This issue of Reflections revisits the opening of two centers dedicated to the youth of Sumter. These two wood-framed facilities provided the young people of Sumter with the opportunity to gather and socially interact in a supervised manner. Both …
"The Teenager Canteen (formerly known as The Hangout) consisted of frame construction 30 x 90 feet situated on a 55 x 290 foot lot purchased by the city. Cost of the project will be in excess of $10,000 according to J. A. Raffield, city manager. Besides a large assembly room and dance floor, the building is equipped with offices, snack bar, locker rooms and rest rooms. The teenage group was formerly located on North Main Street in a building owned by E. B. Boyle. When the old location was needed for other purposes, Mr. A. T. Heath Sr. proposed to city council that if the city would supply the necessary building, he would furnish it."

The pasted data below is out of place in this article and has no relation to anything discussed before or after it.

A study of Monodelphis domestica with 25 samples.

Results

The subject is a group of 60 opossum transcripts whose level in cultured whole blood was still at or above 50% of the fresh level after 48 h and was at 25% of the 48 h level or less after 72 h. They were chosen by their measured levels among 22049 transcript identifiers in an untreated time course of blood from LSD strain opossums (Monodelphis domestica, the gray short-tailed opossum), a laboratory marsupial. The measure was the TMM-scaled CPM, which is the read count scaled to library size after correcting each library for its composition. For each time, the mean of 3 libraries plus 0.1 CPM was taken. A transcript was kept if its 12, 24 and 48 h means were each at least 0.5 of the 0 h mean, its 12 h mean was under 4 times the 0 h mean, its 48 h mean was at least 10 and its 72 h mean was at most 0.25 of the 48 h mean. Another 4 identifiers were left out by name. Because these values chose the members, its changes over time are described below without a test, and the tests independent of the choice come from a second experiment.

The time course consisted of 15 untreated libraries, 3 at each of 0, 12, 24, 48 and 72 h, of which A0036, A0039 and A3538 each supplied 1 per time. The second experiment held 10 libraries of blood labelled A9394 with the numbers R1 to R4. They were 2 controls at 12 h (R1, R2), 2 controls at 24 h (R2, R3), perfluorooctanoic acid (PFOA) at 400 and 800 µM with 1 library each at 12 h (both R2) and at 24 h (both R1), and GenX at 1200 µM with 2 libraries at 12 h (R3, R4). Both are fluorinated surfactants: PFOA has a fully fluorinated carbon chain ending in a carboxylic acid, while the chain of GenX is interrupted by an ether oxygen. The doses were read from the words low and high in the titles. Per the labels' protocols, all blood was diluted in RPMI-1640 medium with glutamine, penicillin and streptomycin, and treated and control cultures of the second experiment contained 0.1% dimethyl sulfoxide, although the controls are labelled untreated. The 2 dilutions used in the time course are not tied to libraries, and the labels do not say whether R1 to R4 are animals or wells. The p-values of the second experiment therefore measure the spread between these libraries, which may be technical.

Teenagers by the scores - 200 or 300 of them - thronged to take possession of their new recreation building on North Salem at the gala opening dance.
The Council Street Recreational Center
The City of Sumter was able to obtain federal approval to renovate and equip a frame dwelling on Council Street for use as a recreation center for black residents. Mayor F. B. Creech, who was advised of the approval by Sen. Burnet R. Maybank and Rep. H. B. Fulmer, made the announcement. Estimated cost of the project was $10,500.
"Mayor F. B. Creech presented the beautiful recreation center at 42 Council St. on Feb. 3, 1944. This new facility was to be used by black soldiers and citizens of the Sumter community. Several hundred persons were present for the re-opening of the recently renovated and modernized community house. It was the ambition of our churches, schools and people to provide wholesome recreation for the youth of the community."
The first center to be used by black youth was initially opened on Washington Street.